Amidst the roar of the river and the roar of applause, competitors kayaked, rowed and doggie-paddled their way to victory Saturday and today in the 24th annual Yampa River Festival in Steamboat Springs.
The festival featured kayak races and rodeos, a raft race, fly fishing and the Crazy River Dog contest, and spectators overflowed the banks of the Yampa River to watch.
In the parking lot behind Bud Werner Memorial Library on Saturday, kayakers milled about wearing spray skirts and brightly colored helmets. Baby carriages, dogs and curious onlookers jockeyed for viewing position, and errant beach balls bounced about.
By the river, Brian Horan, 16, from Golden, scarfed down a burrito before competing in the kayak rodeo in which contestants perform tricks in a standing eddy of water. "No one's really that competitive, and they cheer each other on," Horan said. "So it's a fun way to test your skills without any pressure."
"No pressure? Sure, and you don't get nervous either," his mom, Patty Horan, joked.
Horan was one of about 50 people who
registered for the rodeo. Head judge Wyatt Cohen said contestants are judged on technical merit (how close to perfect they perform their tricks), style (how smooth the person looks in the hole), variety (the different moves and tricks they do and parts of the hole they use) and amplitude (how big they make their tricks).
Competitors performed the tricks in Charlie's Hole, a churning pool in the river near the library. "It's like an ocean wave that stays in one place and lets you stay in one place," rodeo organizer Kevin Thompson said.
Unfortunately, the hole's conditions were not ideal because of lower river levels, he said. In fact, according to U.S. Geological Survey data, river levels have decreased from 1,180 cubic feet per second to 645 cubic feet per second in the past two days.
"Cold weather turns off creeks in the high country because snowmelt decreases," Thompson explained. "So we're a little disappointed in the low water levels, but attendance has been great."
And as kayakers flipped, spun and cartwheeled in the hole, spectators cheered and "yee-hawed" them on. When the river bucked a kayaker, he or she got back in the hole and tried again.
"The flip was the coolest. They're really good," said 9-year-old Austin Walsh from the banks. Next to him sat his parents, two brothers and their dog, Sport. The family was visiting Steamboat from near Dallas, where Bob Walsh said there isn't much kayaking. "It was cool watching the end of the kayak race. The blue guy won," 7-year-old Baron Walsh said.
Also cheering on the kayakers was resident Colleen Lyon with her sister Maureen Lyon from New York. The two competed later in the afternoon in the Pool Toy Rodeo in which contestants brave the hole aboard toy inflatables. Nearby was their sturdy craft, two neon-green inner tubes duct taped together and arched by two green foam rods and balloons that read, "The Home Slice Sisters."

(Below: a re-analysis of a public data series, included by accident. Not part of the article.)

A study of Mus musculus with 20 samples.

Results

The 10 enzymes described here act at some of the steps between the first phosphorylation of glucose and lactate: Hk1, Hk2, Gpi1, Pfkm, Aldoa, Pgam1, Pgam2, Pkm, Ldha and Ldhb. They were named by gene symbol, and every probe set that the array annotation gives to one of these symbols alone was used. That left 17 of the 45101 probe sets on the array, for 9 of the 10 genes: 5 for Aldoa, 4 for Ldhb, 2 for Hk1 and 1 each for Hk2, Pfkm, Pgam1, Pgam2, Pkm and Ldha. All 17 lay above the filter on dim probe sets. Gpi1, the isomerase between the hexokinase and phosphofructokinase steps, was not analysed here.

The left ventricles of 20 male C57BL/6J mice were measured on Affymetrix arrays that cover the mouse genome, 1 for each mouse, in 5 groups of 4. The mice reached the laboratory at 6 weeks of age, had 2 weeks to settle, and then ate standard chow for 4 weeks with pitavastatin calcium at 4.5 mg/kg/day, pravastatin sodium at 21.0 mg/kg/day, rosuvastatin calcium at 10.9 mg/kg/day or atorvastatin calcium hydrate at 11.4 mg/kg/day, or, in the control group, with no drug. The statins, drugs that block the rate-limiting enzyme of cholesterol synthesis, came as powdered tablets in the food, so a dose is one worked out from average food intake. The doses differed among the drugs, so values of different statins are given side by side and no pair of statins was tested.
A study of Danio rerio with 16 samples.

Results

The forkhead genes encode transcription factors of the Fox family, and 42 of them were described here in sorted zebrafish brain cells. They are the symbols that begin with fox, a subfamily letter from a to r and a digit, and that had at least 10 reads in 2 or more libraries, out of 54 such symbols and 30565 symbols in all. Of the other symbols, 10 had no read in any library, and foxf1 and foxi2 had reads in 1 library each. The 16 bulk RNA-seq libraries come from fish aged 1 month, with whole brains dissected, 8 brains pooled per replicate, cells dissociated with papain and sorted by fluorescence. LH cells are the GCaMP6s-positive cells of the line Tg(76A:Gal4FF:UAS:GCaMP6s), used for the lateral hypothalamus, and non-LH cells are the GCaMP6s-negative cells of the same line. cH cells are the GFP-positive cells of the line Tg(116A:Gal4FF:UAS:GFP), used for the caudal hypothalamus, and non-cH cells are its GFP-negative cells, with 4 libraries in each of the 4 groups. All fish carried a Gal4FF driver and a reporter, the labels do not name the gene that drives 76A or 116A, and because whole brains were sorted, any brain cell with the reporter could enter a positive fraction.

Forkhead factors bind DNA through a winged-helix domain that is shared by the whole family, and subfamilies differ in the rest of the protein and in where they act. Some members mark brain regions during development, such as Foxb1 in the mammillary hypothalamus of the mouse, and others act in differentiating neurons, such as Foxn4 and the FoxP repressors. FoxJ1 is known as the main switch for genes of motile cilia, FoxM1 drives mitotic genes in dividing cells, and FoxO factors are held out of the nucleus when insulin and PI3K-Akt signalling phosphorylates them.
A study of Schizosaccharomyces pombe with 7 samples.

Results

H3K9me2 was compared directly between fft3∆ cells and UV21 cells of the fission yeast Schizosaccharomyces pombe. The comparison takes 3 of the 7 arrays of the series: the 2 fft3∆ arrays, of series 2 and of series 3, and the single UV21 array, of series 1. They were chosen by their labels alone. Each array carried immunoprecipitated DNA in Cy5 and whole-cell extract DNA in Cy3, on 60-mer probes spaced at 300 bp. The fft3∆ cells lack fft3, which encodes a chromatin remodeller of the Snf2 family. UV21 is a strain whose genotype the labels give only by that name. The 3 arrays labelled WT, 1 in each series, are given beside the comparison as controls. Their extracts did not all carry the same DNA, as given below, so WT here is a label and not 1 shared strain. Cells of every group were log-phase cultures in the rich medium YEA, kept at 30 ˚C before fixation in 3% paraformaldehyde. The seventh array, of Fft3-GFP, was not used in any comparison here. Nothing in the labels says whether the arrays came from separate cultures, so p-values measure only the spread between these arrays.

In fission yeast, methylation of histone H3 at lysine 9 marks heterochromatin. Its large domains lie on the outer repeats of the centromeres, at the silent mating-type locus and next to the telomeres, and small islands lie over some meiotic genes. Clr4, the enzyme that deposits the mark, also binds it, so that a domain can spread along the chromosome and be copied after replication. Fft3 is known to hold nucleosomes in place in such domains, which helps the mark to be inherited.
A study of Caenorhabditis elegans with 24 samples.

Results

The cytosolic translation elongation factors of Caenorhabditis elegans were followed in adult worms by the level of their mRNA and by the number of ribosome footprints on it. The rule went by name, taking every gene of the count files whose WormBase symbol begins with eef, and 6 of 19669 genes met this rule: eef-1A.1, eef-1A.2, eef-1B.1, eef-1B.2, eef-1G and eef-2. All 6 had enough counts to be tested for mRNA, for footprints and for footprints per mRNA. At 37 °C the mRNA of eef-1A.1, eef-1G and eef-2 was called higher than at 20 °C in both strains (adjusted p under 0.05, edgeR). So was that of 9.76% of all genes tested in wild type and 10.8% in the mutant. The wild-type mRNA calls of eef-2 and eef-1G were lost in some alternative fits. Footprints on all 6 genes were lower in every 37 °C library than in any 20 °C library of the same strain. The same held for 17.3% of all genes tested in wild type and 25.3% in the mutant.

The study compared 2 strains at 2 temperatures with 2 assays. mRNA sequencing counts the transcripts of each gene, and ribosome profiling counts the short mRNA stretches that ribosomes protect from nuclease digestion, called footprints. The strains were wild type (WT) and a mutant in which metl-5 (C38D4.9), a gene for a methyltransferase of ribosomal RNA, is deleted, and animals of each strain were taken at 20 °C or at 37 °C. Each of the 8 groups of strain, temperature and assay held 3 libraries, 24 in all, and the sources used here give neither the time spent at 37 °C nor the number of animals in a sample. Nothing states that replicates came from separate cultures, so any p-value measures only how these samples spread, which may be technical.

Contestants are judged on how long they stay afloat, style and costumes. One sister planned to wear a panda bear mask, and the other was going to wear a lacrosse helmet and kneepads. "We're going to just try and hang in there," Colleen Lyon said.
Other people, however, had different ideas than staying afloat. Riders of one raft in the first-ever River Festival raft race intentionally flipped their raft at the finish line near the hole. "We just all got in the back and back-loaded it," said racer Leighann McLaughlin, who was wearing a plastic rhinestone tiara. "It was a group decision, and we had a blast."
The lead raft won by about 2 1/2 minutes on the about two-mile course, despite the paddlers being a little worse for wear from Friday-night merrymaking. "I'd like to thank the Old Town Pub and the Rugby Club for sponsoring us the night before," winner Robbie Shine joked.
Kayakers then made way for canines in the Crazy River Dog contest. In the event, a buoy floats one-third of the way across the river, and the fastest dog to fetch a stick thrown past the buoy wins. "We've trained for two years for this event, and he's finally up for it," crazy-dog competitor and event organizer Peter VanDeCarr said of his border collie Bud ("Killer Bud" for the event). Killer Bud, sporting a yellow lifejacket, made a near flawless fetch in the river, but other dogs had to fight tooth and paw for it. The hole briefly trapped one hapless pooch in its churning maw and then spewed him far downriver. But the courageous dog emerged tail wagging and unfazed. Another dog trying to return to shore got caught in an eddy pushing him the wrong direction. Inch by inch, at time-lapsed-photography speed, the dog painstakingly neared the shore. With each inch he gained, the crowd erupted in applause for his gallant efforts.
As the finally victorious dog wrung himself dry and daredevil humans tossed themselves into the hole sans kayak, even the dark clouds gathering to the west could not dampen the spirits of the gathered water hounds.